6 People Making a Difference in Honolulu

Meet a few people making Honolulu a better place for all of us.


If Rich Richardson builds communities with art, Georja Skinner has built a statewide industry for it. She’s the chief officer of the state’s Creative Industries Division (CID) within the Department of Business, Economic Development and Tourism (DBEDT), and her job exists to make Hawaii a creative destination.

“We’re dedicated to looking at all the creative clusters,” Skinner says, “facilitating programs and initiatives in new media, music, fashion and writing, particularly for all new content platforms,” such as phone apps and tech startups, by making connections between them.

It’s a lot to juggle: According to CID estimates, the creative industry is made up of more than 48,000 people and 3,200 businesses statewide, and Skinner oversees both the Hawaii Film Office and the Arts and Culture Development Branch. “It’s a huge program to manage, based on an average of $250 million in activity per year,” she says.

To give a very brief example of what Skinner does, this year’s Hawaii International Film Festival (HIFF) featured Creative Lab, a series of incubator-type workshops co-created by CID and HIFF that put local screenwriters, filmmakers and musicians in the same room with professionals such as Los Angeles producer and director Michael Palmieri.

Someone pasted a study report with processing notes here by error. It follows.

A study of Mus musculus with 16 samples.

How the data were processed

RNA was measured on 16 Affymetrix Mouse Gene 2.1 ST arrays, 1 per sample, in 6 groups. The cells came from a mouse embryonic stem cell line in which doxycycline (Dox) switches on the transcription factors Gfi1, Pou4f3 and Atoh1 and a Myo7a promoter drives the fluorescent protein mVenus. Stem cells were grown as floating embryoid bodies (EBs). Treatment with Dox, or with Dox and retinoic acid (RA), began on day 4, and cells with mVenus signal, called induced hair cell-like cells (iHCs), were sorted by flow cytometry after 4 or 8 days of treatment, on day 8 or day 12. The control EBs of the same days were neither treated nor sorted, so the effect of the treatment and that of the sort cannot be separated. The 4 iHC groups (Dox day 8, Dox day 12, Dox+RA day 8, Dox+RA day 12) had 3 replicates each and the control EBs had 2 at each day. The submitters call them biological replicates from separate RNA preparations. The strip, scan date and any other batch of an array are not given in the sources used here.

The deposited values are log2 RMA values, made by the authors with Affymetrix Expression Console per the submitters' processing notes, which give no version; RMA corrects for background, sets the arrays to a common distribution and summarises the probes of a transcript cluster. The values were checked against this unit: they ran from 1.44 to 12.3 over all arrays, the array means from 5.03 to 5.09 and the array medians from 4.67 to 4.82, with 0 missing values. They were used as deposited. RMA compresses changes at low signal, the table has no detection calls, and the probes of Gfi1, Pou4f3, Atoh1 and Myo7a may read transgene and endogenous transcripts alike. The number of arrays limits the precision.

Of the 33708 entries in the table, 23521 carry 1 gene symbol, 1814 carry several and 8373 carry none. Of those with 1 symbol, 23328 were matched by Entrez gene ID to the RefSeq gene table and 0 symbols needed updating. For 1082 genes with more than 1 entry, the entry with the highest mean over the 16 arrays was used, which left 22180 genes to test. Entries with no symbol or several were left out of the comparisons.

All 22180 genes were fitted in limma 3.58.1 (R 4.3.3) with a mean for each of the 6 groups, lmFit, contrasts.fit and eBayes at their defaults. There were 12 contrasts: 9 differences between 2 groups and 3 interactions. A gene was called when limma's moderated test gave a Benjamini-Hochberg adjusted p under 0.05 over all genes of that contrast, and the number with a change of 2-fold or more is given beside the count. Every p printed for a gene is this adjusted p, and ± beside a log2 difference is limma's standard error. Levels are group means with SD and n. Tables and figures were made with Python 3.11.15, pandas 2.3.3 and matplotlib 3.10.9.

“I see local artists benefit a lot from the advocacy that Georja and her team do every year in the Legislature,” says Robert Lambeth, HIFF’s deputy director. “If there was not a creative-industries position in DBEDT or the state, I think it would be a huge disadvantage to local artists.”
“When you think about it, it’s a small team who does that,” Skinner says. But Skinner adds that, rather than looking at where they’ve been, she looks to the future for opportunities.

CID wants to expand the Creative Lab at HIFF to get more international exposure for local filmmakers, get the Hawaii Film Office better funded and staffed and establish a fund for creative media to encourage more tech startups to come out of Hawaii.

“My favorite thing is to connect people and bring them together for a positive outcome,” says Skinner, “to put them at play on a statewide level.”